This article was originally published in Cherwell
“Love is so short, forgetting is so long.” This kind of understanding of connection, of push-and-pull and cause and effect, is a quality that permeates the body of Pablo Neruda’s poetry.
His poems, originally written in his native Spanish, work to convey nebulous ideas through tangible phrases and concepts. Sensuality and love are turned from vague, intangible feelings into palpable motifs visible in real life. Under Neruda’s pen, the Chilean countryside is inextricably linked to the physicality and emotionality of the Chilean people.
The evocative strength of his poetry lies in his ability to condense amorphous feelings to the simple yet universal truths behind them. In drawing comparisons between the reliable cycles of nature and the metamorphic, often volatile intricacies of human sentiment, Neruda lends a sense of regularity and recognisability to popular poetic subjects that could so easily be treated with melodrama and hyperbole.
In an article for The New Yorker, journalist Mark Strand describes an excerpt from Neruda’s first major work, Twenty Love Poems and a Song of Despair, by remarking on “the naturalness of these lines, their exuberant and youthful melancholy, their casual repetitions, their overall simplicity”.
The poem is this: “Tonight I can write the saddest lines. / Write, for example, ‘The night is starry and the stars are blue and shiver in the distance.’ / The night wind revolves in the sky and sings. / Tonight I can write the saddest lines. I loved her, and sometimes she loved me too. / Through nights like this one I held her in my arms. I kissed her again and again under the endless sky. She loved me, sometimes I loved her too. How could one not have loved her great still eyes. / Tonight I can write the saddest lines. To think that I do not have her. To feel that I have lost her”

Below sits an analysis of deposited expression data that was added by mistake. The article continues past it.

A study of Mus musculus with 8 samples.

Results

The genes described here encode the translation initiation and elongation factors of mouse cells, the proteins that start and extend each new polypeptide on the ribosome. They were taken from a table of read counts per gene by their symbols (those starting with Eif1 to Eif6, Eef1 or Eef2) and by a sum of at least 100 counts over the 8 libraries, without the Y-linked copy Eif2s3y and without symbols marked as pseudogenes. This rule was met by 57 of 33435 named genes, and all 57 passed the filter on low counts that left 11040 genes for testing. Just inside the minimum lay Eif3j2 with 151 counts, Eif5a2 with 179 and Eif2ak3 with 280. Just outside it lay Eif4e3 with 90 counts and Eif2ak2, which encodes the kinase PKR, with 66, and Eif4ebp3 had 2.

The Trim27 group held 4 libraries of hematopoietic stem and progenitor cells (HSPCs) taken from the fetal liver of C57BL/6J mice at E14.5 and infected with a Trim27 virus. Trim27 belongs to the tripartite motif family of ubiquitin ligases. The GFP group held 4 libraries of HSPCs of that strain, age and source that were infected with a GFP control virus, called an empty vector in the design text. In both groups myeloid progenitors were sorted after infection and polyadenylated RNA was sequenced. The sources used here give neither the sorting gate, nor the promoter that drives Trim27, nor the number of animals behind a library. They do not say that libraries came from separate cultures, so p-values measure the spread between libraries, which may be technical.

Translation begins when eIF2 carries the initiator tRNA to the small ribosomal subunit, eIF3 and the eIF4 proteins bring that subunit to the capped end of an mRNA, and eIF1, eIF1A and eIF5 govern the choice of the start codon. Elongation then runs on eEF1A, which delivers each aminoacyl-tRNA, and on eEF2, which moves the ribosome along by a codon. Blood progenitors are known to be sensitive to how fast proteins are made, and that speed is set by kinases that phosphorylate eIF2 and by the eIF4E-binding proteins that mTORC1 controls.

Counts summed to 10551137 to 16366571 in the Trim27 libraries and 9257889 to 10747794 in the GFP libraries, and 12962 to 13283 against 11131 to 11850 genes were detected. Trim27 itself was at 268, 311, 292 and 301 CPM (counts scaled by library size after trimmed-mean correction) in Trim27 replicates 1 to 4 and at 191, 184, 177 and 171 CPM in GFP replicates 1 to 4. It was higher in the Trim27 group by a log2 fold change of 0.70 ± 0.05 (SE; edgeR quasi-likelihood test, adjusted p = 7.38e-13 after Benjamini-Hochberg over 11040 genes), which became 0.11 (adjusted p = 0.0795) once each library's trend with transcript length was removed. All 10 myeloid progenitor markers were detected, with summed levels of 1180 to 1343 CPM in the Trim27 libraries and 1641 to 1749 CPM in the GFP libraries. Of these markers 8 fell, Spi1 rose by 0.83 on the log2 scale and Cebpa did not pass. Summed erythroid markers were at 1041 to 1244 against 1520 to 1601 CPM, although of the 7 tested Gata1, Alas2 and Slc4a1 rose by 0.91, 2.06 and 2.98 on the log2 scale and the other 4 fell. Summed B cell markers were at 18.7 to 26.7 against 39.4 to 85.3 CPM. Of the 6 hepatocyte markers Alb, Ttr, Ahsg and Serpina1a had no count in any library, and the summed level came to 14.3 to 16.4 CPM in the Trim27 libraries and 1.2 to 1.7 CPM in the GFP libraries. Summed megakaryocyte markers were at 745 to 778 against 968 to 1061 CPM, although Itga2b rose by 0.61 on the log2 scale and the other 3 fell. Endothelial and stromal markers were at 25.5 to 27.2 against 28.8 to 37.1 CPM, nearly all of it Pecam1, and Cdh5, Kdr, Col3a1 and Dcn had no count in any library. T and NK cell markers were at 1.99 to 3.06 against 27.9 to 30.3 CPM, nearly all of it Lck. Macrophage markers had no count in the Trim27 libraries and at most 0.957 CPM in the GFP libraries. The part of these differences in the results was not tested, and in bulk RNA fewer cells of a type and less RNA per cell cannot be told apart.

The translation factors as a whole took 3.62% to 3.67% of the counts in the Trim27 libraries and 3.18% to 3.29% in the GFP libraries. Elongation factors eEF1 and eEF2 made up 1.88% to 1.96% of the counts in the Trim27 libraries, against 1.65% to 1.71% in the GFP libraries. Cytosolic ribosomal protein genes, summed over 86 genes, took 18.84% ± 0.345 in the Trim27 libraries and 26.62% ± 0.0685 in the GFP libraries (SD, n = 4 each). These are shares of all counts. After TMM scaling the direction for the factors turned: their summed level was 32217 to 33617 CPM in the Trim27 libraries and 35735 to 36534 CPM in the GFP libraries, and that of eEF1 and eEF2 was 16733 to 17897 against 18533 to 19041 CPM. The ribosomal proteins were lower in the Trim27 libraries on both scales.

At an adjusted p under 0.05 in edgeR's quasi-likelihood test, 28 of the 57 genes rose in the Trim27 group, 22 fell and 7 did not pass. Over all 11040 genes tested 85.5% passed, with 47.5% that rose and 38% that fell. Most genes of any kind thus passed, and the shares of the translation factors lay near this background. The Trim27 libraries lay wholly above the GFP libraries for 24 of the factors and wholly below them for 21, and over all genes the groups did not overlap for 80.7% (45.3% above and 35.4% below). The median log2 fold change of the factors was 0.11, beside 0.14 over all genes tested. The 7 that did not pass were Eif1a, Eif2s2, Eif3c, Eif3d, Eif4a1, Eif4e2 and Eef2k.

Pablo Neruda’s singular appeal, in short, stems from his understanding of the sensuosity of simplicity. He does not rely on depictions of grandiosity, or attempt to encapsulate sweeping human experiences in their irrevocable, unattainable fullness. Instead, he chooses to emphasise the smaller, often unnoticed, patterns and connections underpinning our emotions. This renders them accessible and palpable to the reader in an unexpectedly intimate way.
Neither of his two most common subjects, love and the Chilean landscape, is treated with the broad-reaching brushstrokes one might expect. Neruda masters the art of conveying their extraordinariness by demonstrating their predictability – their regular patterns. The unpretentious clarity and straightforward parallelism which sculpts a line like “I love you without knowing how, or when, or from where” is what gives Neruda’s work its potent, omnipresent sense of ecstasy.
Neruda revels in the unchanging truth that certain experiences are near-universal, and in celebrating this universality through such touchable, recognisable means he allows his readers to revel alongside him.